While there’s a distinct novelty to all of their work — whether it’s based on books by Neil Gaiman or Alan Snow — Laika have returned to genuinely original material with their fourth animation. This time around, the company’s CEO and lead animator on their first trio of films, Travis Knight, makes his directorial debut with Kubo and the Two Strings. Steeped in the mythology and fables of Japanese history, it’s another fantastical adventure from the studio with innovation and awe at every turn, despite a story that could benefit from having more specificity and focus.
The tale centers on Kubo (Art Parkinson), a young boy tending to his ailing mother and living near an ancient Japanese village. As the opening scene shows us, she wields magical powers that depleted in a fight and were partially transferred to her son. Years later, he spends his days earning attention and some money in the local town square by recounting a fable featuring a dazzling display of origami coming to life, and one that ultimately foreshadows his journey. Paper swirls out of his stack on the ground and forges to build creatures that battle and chickens that spit fire. There’s a playful display of wonder and tangibility to the imagery, and even though we know it’s only the beginning, it would’ve been just as entertaining to watch the entire feature play out in this form.
As is the case in every Joseph Campbell-inspired hero’s journey, Kubo is soon thrust into an adventure where he must uncover his past, forge new friendships, and do his part to help make the world a better place. “If you must blink, do it now. Pay careful attention to everything you see, no matter how unusual it may seem,” he repeats in the film. Indeed, you won’t want to miss a frame of Kubo and the Two Strings as it steps up Laika’s bar of stop-motion-CGI hybrid animation excellence. From the meticulous details (e.g. a bowl of rice being set in front of a crackling fire) to the bevy of stunning environments — including sun-kissed hills, the belly of a whale, the home of a Ray Harreyhausen-inspired giant skeleton, and a boat made out of leaves — each vista is rendered in ravishing detail, all inspired by Japanese woodblock printing.
As for the “unusual” part of Kubo’s line, the script by Marc Haimes and Chris Butler, based on a story by Shannon Tindle, is need of the imagination that’s found in each frame of the animation. Filled with platitudes about how “the end of each story is just the beginning” and the importance to tell someone’s story so they can live on, Kubo and the Two Strings has its heart in the right place — its concluding “message” of compassion and love is an imperative one — but its structure comes off rushed and nebulously detailed. Clearly inspired by the epic scope of Akira Kurosawa and dream-like vision of Hayao Miyazaki, Kubo and the Two Strings often seems to be going through the motions of its grand predecessors rather than telling its own distinct story.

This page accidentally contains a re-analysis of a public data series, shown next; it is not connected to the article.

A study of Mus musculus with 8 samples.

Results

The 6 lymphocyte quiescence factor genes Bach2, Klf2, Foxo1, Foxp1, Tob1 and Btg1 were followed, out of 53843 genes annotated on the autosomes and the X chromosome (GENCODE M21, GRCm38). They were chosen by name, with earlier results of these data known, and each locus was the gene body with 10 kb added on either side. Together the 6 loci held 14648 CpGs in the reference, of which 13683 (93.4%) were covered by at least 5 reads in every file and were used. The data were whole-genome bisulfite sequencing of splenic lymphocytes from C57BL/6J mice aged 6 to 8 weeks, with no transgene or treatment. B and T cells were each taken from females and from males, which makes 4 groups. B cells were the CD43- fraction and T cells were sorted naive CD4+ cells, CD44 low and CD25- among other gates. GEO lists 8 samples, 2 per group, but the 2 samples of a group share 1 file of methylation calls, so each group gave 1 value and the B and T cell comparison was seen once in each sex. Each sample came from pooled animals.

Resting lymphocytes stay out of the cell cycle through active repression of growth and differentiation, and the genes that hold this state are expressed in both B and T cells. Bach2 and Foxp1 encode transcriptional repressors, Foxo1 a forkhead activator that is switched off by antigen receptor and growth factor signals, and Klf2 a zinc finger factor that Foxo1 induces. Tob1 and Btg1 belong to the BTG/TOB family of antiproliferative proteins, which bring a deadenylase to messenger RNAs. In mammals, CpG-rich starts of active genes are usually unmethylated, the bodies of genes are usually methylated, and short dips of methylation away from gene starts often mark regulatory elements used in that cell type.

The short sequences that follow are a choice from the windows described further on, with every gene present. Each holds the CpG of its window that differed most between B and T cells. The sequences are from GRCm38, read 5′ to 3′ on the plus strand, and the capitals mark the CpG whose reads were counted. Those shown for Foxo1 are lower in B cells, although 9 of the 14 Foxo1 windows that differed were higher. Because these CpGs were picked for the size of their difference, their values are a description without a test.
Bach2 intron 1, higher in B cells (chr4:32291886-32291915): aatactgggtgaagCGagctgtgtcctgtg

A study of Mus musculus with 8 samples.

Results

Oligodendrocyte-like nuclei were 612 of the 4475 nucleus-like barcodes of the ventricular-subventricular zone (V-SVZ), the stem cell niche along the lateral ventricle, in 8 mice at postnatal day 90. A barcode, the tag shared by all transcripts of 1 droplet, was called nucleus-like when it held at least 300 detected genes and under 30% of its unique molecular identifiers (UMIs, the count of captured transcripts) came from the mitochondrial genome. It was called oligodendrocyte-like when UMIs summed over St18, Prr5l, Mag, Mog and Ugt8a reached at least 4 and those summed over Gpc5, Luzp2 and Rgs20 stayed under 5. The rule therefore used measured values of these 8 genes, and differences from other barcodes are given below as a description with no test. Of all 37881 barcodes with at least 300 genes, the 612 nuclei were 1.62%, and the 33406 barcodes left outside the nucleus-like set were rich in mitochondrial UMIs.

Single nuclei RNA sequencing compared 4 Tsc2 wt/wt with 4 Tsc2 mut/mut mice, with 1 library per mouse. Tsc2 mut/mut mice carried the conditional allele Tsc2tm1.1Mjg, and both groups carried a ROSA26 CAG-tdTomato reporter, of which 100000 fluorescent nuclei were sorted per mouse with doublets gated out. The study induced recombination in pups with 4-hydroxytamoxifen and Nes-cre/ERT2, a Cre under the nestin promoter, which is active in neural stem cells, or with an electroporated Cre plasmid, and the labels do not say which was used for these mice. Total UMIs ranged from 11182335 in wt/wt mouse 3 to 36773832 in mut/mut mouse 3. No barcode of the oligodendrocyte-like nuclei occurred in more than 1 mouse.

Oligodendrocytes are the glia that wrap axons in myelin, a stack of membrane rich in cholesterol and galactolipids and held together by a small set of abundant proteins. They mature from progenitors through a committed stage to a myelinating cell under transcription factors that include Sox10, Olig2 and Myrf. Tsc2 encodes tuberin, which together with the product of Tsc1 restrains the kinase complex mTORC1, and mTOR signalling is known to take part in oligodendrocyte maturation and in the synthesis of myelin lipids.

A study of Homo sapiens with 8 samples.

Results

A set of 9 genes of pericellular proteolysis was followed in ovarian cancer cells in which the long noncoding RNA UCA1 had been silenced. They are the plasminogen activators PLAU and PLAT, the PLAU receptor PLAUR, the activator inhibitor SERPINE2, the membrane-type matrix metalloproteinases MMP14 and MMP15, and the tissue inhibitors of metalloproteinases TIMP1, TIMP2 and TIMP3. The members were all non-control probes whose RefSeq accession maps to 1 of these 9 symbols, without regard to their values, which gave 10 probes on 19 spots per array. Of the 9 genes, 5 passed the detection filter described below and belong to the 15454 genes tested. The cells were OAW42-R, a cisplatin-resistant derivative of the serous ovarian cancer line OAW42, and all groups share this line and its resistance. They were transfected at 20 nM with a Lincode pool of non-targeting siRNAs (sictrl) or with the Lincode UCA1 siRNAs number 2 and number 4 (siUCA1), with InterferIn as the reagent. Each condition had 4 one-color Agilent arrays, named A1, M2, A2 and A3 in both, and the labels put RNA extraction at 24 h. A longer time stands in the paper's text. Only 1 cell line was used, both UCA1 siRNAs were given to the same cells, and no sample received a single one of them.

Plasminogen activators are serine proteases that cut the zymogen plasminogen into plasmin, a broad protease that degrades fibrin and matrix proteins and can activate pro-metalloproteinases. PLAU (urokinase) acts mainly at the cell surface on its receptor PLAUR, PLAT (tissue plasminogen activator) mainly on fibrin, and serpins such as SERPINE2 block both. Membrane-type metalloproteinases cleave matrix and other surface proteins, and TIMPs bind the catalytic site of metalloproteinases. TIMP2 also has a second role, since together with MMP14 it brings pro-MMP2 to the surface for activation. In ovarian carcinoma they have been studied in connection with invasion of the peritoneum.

A supporting turn from Matthew McConaughey as an amnesiac beetle who may or may not have been a legendary samurai war — think The Tick with more skills — provides a welcome, if occasionally misplaced dose of comic relief, while Charlize Theron as a monkey sidekick gives a dramatic balance to the ragtag trio. Ralph Fiennes and Rooney Mara‘s more villainous characters come off rather underdeveloped and one-note in their motivations, serving as mere antagonistic roadblocks for Kubo rather than playing as an essential part of the story.
Compounding fables inside fables, Kubo and the Two Strings is a visual delight from start to finish, even if it comes off all-too-familiar. Laika seemingly has all the precise tools in their illustrious belt — including a stirring score from Dario Marianelli — but hopefully next time they pay more attention to their own plot rather than the mythology of storytelling itself. As a final note, as was the case with The Boxtrolls, one will want to stay through the entire credits, and not just for Regina Spektor‘s memorable rendition of “While My Guitar Gently Weeps.”
Kubo and the Two Strings opens nationwide on Friday, August 19.